Injured volunteer fireman welcomed back to Marshall

Photos/Lawrence Emerson
Adam Glaze faces ”no issues with going back to school in the next couple of weeks,” his father says.
If not for the training, it could have been much worse. And, he was treated by a paramedic on the scene, which was great. They got him right to the ER, which was great.
— D.C. career firefighter Charlie Glaze on his son’s burns in a July 19 house fire

Adam Glaze, 16, smiled broadly as he descended from Wagon 3 to embrace his girlfriend just before 8 p.m.

Adam then worked the crowd, shaking hands with or hugging almost every one of the 80 people who turned out to greet him after a week in Washington MedStar Hospital Center’s burn unit.

A veteran professional firefighter, Charlie Glaze described his son as “pretty beat up” Sunday, July 19, and the next 24 hours. Adam suffered the worst burns of three firefighters injured battling an intense blaze in The Plains.

He underwent seven hours of surgery and skin grafts Wednesday, July 22.

But the strapping teenager looked good Monday night at the Marshall station, within walking distance of his family’s home.

“There are no issues with going back to school in the next couple of weeks,” Mr. Glaze said. “As far as returning to any type of firefighting, you’re probably looking at six or seven months from a physical standpoint.

“Emotionally, you don’t know . . . . There could be post-traumatic stress. I’ll be watching closely for that.”

The District of Columbia Fire Department lieutenant has worked with firefighters injured and killed in the line of duty.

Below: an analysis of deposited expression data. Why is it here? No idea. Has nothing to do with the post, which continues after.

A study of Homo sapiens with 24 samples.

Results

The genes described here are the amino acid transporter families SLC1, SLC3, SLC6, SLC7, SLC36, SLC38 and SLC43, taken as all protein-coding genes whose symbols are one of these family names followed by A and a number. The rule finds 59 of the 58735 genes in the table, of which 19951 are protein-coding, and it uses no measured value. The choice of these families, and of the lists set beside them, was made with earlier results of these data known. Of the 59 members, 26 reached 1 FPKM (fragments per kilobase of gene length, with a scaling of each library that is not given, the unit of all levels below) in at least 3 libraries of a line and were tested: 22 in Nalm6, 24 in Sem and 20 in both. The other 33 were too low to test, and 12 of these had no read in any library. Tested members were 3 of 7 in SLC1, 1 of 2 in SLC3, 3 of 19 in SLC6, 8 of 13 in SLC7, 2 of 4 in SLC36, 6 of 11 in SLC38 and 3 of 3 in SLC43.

“His training prevailed,” Mr. Glaze said of Adam’s preparation to fight his first fire.

Before signing the form allowing his son to work real fires, the 57-year-old watched the final test at Fauquier’s “burn building” near the landfill just south of Warrenton.

“I told Lt. (Matt) Shields, ‘That was the best training exercise I’ve ever seen’,” said Mr. Glaze, who had “two years to evaluate” his preparation before Adam climbed aboard an engine to answer a call.

That included Fauquier High School fire science classes and county training.

“If not for the training, it could have been much worse,” Mr. Glaze said. “And, he was treated by a paramedic on the scene, which was great. They got him right to the ER, which was great.”

The firefighting community, including the D.C. Firefighters Burn Foundation, immediately surrounded the Glaze family as an ambulance took Adam to MedStar on July 19.

“They were there before Adam arrived at MedStar,” Mr. Glaze said. “They put us up in a hotel and offered us anything we might need.

“There was a tremendous outpouring . . . . Food was overflowing the table.”

Sam Miller, president of Fauquier’s career firefighters union, immediately joined the Glazes at the hospital and volunteered to handle communications, giving the family its privacy.

“Saint Sam,” the grateful father calls Mr. Miller.

After the MedStar doctors finally released Adam early Monday evening, his fellow volunteers pulled away from the firehouse in Wagon 3 to meet him and his parents in Haymarket.

As the big fire truck approached Main Street on Winchester Road, the Glazes caught sight of friends and colleagues, some holding small American flags, lining Rectortown Road in front of the station.

Rhonda Glaze got teary.

“She’s been the strong one all along,” her husband said. “She’s been through breast cancer and now this . . . . I said, ‘Rhonda, this is great’.”

Marshall Volunteer Fire Chief Eddie Payne called it an “emotional” moment.

“This is just amazing to see, this many people out here,” Chief Payne said as the crowd surrounded Adam. “He’s a tremendous young man, and this is really nice. This really helps.”

An investigation will provide answers about events that led to three firefighters getting injured July 19.

But, Mr. Glaze said he hopes Adam’s experience will help other parents of teenagers drawn to emergency services understand and trust the quality of Fauquier’s system.